Many of the running apps available today are integrated to allow you to instantly share your training and race results to social media. Additionally, most of the bigger races have runner tracking options that will automatically post your start, split, and finish times to the social media platform of your choice. While the use of social media invites questions about whether folks over-share (and many do), there can be no doubt that sharing your training and race experiences on social media can have a positive impact…on your friends. That’s right, your friends.
The Casual Runner Team knows that it does not matter where you find your motivation to get up and be active, the important things are that it be a positive motivating force and that it work for you. After all, the point of Casual Running is for you to enjoy the experience so that you will keep going and enjoying the benefits of it.
A few years ago my good friend Stephanie, a life-long East Coaster who also spent a few years in Chicago, moved to Seattle for work. One day she was explaining to me how weird it was to “live 3 hours behind everyone else.” I asked her what the biggest difference was, and she said it was the powerful motivation of “Facebook guilt.” You see, she would wake up on a Saturday morning, pour herself a cup of coffee, and be content to spend the morning on the couch with her husband and her cats while surfing the net. The problem was, by the time she woke up on West Coast time, all of her East Coast friends had already posted status updates about their morning training runs and race finishes. At this point, “Facebook guilt” overcame her desire to be lazy, and Stephanie had no choice but to get up off the couch, lace up her running shoes, and go out for a run.
Earlier in my life I lived in Washington, D.C. for several years. Even though I was not a Casual Runner yet at that time, when I would see scores of runners jogging along the Potomac River, it would motivate me to go out and suffer through a mile or two. Now, I live in a town where one does not come upon too many runners on any given day. As a result, I do not get the daily visible motivational reminders of Casual Runners out being healthy and enjoying themselves. As a result, I enjoy (and to some extent, rely upon) seeing online communities of friends and fellow Casual Runners who are celebrating their own personal fitness accomplishments via social media to give me the extra needed boost (or is it guilt?) to get up off the couch and bang out a few miles. So, I for one, appreciate the benefits of positive peer pressure.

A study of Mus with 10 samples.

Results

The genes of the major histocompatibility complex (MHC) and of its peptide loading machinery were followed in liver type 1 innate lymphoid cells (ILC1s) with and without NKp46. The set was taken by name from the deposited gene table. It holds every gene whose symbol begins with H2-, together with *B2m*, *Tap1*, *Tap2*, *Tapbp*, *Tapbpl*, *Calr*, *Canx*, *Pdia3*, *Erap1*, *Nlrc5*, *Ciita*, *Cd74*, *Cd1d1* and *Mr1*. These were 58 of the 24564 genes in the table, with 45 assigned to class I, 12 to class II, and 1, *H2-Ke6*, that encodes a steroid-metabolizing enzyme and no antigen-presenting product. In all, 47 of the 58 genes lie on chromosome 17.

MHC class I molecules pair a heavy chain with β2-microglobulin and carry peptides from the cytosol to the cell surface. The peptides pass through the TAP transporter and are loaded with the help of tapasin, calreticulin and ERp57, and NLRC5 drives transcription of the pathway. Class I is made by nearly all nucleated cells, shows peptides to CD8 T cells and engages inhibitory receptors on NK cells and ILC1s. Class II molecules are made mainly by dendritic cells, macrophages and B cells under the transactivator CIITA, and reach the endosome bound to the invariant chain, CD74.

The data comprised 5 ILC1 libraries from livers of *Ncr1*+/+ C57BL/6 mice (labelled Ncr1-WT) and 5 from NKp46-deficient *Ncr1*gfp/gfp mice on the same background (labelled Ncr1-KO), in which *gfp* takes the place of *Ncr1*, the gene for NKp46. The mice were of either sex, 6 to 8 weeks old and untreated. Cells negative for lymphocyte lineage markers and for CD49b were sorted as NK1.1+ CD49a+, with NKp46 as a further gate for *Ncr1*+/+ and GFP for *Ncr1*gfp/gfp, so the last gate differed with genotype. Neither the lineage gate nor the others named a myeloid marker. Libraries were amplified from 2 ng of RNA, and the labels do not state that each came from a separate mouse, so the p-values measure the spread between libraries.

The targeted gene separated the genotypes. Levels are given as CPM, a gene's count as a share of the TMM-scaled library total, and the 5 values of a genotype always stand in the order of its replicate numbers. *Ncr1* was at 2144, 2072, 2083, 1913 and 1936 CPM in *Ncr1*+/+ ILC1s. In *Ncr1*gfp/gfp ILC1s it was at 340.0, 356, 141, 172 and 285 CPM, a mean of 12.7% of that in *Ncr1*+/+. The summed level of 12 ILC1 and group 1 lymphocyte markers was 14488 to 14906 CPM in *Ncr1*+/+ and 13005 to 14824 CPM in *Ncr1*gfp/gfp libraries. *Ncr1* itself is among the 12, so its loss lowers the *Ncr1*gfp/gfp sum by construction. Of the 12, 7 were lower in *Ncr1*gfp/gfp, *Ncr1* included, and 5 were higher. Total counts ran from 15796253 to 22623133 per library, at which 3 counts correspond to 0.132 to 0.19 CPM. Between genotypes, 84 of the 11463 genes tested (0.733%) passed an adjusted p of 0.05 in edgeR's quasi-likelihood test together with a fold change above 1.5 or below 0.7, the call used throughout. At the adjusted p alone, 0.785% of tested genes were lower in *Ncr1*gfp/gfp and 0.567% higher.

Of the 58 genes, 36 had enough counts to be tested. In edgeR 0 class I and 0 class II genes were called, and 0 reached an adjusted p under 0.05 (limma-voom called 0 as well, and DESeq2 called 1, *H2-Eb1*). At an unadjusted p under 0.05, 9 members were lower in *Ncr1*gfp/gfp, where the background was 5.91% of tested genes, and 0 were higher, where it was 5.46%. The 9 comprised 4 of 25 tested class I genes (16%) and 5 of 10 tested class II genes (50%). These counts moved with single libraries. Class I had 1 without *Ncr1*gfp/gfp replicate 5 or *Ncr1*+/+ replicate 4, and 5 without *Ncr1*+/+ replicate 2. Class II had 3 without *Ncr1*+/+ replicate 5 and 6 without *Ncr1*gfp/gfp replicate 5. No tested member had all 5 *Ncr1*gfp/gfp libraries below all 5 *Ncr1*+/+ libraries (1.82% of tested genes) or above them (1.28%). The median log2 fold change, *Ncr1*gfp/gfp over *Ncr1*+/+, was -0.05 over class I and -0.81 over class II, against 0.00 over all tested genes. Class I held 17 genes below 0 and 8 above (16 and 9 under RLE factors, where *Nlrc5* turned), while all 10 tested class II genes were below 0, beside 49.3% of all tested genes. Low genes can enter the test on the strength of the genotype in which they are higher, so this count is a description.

The vast majority of the training miles that I have logged as a Casual Runner were run solo, but that does not mean that I have been alone. Throughout my weeks and months of solo training, I have relied upon conversations with friends – whether it be via telephone, text, G-chat, or social media – in other cities to share and compare our Casual Running adventures. We help motivate one another to keep getting out there and logging those miles. In doing so, we turned a solitary endeavor into a community one, and one that is all that much more enjoyable and rewarding. On those occasions where we do get to go for runs together, we already know each other’s likes, dislikes, and styles, which makes the experience that much more enjoyable for everyone. As importantly, we know that we helped to motivate one another to keep on going when our personal motivation may have been otherwise lacking.
Please let us know your thoughts…do you find motivation in social media posts from your friends? Are they prone to over-sharing? Have you ever sent one of them a nastygram such as: “Dear Steph, I was going to be lazy and not run today, but you just HAD to post about your race this morning, which forced me to go out and run 10k in the rain, so thanks for nothing! :-).”